Saturday, January 12, 2013

We opened our Christmas presents yesterday. My husband is delighted with his Surface – a good start. For blackness and lightness and slimness, it makes my beloved iPad look positively second millennium. The temptation is to snatch it back and set it up for him, but I will try to resist. Better for them to get acquainted as they go along.

Thanks for the encouraging comments about the Calcutta Cup. There’s always a chance – to express it in terms of the only other team sport I was ever interested in, namely 1940’s major league baseball, even the Philadelphia Phillies sometimes beat the Yankees. Reports suggest that the Scottish team were chagrined by the dreadful performance against Fiji which prompted their rather good manager to resign. And England (like the Yankees, back then) will regard the match as won before it starts. It could be an interesting combination. 

In 2000, the match was played here, at the end of the International season. England had won every game. Scotland had lost every one (familiar story). The Scotsman newspaper invited comments that morning from various pundits, one of whom said -- I wish I had cut it out and saved it -- that the only hope for Scotland would be if the England team didn't turn up. 

But that glorious victory was at Murrayfield, not at Twickenham. Princess Anne was there, as she regularly, loyally, is for Scotland's rugby matches. After the final whistle, she presented the Calcutta Cup to Scotland and then looked around for England who had, after all, won the Five Nations Trophy. But they were nowhere to be seen. 

I’ll have a look at the madelinetosh colours at Jimmy Bean, just in case.

The second sleeve of the Gardening Sweater progresses well.

Zite brought the “Vitamin D” pattern to my attention again yesterday. I’m pretty sure I’ve already got the pattern, bought as an alternative to the Effortless. Sister Helen, would you wear something like that, when you say “cardigan”?


Sarahseattle, you may well be right that we are getting near the point where my husband will need extra oxygen. Our doctor has mentioned the possibility. As soon as I’ve done the Income Tax, we need to go see him anyway, to enlist his help in getting our disability badge for the car.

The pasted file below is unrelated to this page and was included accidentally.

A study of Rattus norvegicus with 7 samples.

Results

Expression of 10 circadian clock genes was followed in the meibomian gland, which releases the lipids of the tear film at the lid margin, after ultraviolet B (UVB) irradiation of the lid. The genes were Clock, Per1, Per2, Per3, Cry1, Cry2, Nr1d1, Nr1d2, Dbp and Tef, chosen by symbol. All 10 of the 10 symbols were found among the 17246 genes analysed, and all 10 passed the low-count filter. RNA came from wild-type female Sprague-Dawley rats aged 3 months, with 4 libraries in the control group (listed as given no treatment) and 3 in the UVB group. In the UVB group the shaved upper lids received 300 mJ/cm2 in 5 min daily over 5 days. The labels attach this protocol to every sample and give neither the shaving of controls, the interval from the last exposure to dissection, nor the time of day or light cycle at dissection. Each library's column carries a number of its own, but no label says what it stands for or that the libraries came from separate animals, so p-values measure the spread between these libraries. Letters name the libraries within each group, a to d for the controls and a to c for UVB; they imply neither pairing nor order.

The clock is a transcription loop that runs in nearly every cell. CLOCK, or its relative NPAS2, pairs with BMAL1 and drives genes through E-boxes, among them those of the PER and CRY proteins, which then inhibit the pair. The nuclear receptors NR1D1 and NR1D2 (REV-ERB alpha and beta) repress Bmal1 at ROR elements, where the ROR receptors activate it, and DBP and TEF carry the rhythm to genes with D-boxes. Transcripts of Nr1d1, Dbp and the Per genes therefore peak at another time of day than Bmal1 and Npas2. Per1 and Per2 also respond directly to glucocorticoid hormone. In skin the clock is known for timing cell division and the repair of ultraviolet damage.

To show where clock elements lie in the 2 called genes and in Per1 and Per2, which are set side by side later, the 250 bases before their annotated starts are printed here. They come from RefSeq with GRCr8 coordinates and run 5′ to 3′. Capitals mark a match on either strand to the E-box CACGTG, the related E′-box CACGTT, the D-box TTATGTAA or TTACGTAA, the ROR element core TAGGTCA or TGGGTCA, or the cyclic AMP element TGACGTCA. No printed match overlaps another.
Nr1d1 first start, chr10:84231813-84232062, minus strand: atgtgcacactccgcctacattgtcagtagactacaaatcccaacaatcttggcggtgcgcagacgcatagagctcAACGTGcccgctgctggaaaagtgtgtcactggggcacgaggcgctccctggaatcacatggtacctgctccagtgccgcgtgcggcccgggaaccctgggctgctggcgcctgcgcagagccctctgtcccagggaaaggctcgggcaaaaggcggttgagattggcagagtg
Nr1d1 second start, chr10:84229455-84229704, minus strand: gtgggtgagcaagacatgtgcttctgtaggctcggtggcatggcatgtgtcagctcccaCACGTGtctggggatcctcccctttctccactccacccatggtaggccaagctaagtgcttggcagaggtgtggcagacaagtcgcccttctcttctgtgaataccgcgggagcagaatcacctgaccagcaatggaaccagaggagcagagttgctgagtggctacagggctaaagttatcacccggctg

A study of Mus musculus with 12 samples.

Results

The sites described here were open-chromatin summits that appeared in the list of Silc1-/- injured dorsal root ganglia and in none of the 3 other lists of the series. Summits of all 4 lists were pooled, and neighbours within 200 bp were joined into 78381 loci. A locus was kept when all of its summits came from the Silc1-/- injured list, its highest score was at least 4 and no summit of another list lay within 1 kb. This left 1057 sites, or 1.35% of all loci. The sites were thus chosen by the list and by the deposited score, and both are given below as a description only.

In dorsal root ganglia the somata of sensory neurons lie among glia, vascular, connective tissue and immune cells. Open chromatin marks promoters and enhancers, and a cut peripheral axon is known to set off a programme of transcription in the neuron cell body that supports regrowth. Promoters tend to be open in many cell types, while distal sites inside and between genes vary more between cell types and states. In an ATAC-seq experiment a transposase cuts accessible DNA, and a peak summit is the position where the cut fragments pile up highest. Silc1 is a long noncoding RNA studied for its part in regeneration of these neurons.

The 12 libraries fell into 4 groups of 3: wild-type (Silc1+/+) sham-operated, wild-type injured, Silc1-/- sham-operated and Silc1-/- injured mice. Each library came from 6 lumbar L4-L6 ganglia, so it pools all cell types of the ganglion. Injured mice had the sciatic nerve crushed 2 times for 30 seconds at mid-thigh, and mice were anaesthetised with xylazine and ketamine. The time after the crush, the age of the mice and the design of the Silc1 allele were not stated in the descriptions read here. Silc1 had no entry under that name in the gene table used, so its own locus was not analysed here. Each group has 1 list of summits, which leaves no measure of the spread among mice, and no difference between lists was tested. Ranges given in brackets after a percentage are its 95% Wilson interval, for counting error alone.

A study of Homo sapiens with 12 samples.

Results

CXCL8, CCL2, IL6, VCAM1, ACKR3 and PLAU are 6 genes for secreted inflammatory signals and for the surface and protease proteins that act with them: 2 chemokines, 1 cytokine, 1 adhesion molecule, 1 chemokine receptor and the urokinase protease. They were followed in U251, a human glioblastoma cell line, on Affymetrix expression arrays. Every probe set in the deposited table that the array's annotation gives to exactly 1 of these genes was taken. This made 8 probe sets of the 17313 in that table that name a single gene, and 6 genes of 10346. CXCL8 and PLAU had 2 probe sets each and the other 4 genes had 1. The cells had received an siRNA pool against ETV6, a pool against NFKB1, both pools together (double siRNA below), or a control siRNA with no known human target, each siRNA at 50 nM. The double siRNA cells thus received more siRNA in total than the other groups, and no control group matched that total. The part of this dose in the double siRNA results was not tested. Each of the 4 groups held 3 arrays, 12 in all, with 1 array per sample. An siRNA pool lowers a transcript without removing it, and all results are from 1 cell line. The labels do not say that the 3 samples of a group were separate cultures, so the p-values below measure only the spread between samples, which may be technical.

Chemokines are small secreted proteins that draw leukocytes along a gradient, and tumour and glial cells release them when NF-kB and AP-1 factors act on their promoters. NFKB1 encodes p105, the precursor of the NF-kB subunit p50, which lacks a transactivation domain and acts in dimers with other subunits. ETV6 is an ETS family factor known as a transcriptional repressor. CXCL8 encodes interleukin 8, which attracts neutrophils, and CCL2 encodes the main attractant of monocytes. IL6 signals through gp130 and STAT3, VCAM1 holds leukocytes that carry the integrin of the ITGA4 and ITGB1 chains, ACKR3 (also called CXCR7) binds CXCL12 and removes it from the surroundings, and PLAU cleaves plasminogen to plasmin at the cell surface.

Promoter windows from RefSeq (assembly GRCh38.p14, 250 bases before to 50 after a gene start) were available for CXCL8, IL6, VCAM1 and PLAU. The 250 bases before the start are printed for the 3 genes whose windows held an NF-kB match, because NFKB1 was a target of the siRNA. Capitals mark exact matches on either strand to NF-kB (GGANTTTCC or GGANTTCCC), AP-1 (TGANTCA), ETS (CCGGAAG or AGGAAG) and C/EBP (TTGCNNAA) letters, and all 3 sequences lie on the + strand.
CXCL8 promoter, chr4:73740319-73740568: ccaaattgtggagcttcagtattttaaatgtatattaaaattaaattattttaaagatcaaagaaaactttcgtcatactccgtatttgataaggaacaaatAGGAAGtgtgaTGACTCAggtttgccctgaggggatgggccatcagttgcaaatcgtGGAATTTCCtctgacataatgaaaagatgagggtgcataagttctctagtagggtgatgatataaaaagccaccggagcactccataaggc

Kristie, no, we don’t have Groundhog Day over here and since there is little or no profit to be made from it, it hasn’t been imported yet like Mother’s Day and Hallowe’en. (Hallowe’en is native to Scotland, but has recently been much commercialised. Mother’s Day is native, too; it was once much simpler.) There is a similar, little-known superstition in the north of England attaching to the Feast of the Purification, which falls on February 2 – I have always assumed that Groundhog Day is derived from that, but purged of religion.

It makes much more sense as an English event, when a period of grey, overcast low pressure can indeed mean that spring is with us whereas crisp, bright high pressure can well mean the opposite. Groundhog Day used to puzzle me, when I was young in Detroit and then the Jersey shore – obviously, on February 2, there are six more weeks of winter to come. What’s to discuss? 


  1. 2nd February - Candlemas.
    "If Candlemas Day be fair and bright,
    Winter will have another bite.
    If Candlemas brings cloud and rain,
    Winter is gone and will not come again"
    I've known that one all my life so it must be our Groundhog Day equivalent - which makes sense since we don't appear to have any Groundhog equivalents!

    1. Could you substitute a hedgehog instead?

    2. And it was the day we went to Mass to have our throats blessed. My grade school nun told us it was to prevent choking on fish bones.

  2. February 2 is called Imbolc by pagans, halfway between the winter solstice and the vernal equinox. Some winter weather is yet to come.

  3. Thanks for the information about Groundhog Day, Jean. I am surprised nobody over here has figured out a way to make it into a commercial venture yet. Although I might be speaking too soon. Next time I am at the store I will have to check and see if they have Groundhog Day greeting cards out yet.

    Groundhog Day has great significance in our family. It was the day, almost 25 years ago, that we were contacted by our Social Services department about a baby girl in Korea. That girl is Rebekah. :-)

  4. Blueloom: no, sorry, but you couldn't substitute a hedgehog - any hedgehog that poked it's nose out of hibernation as early as 2nd February would have a serious problem and be likely doomed. They can't do the equivalent of looking out of the window and deciding to have a lie-in, since their hibernation is true and dangerous to break too early.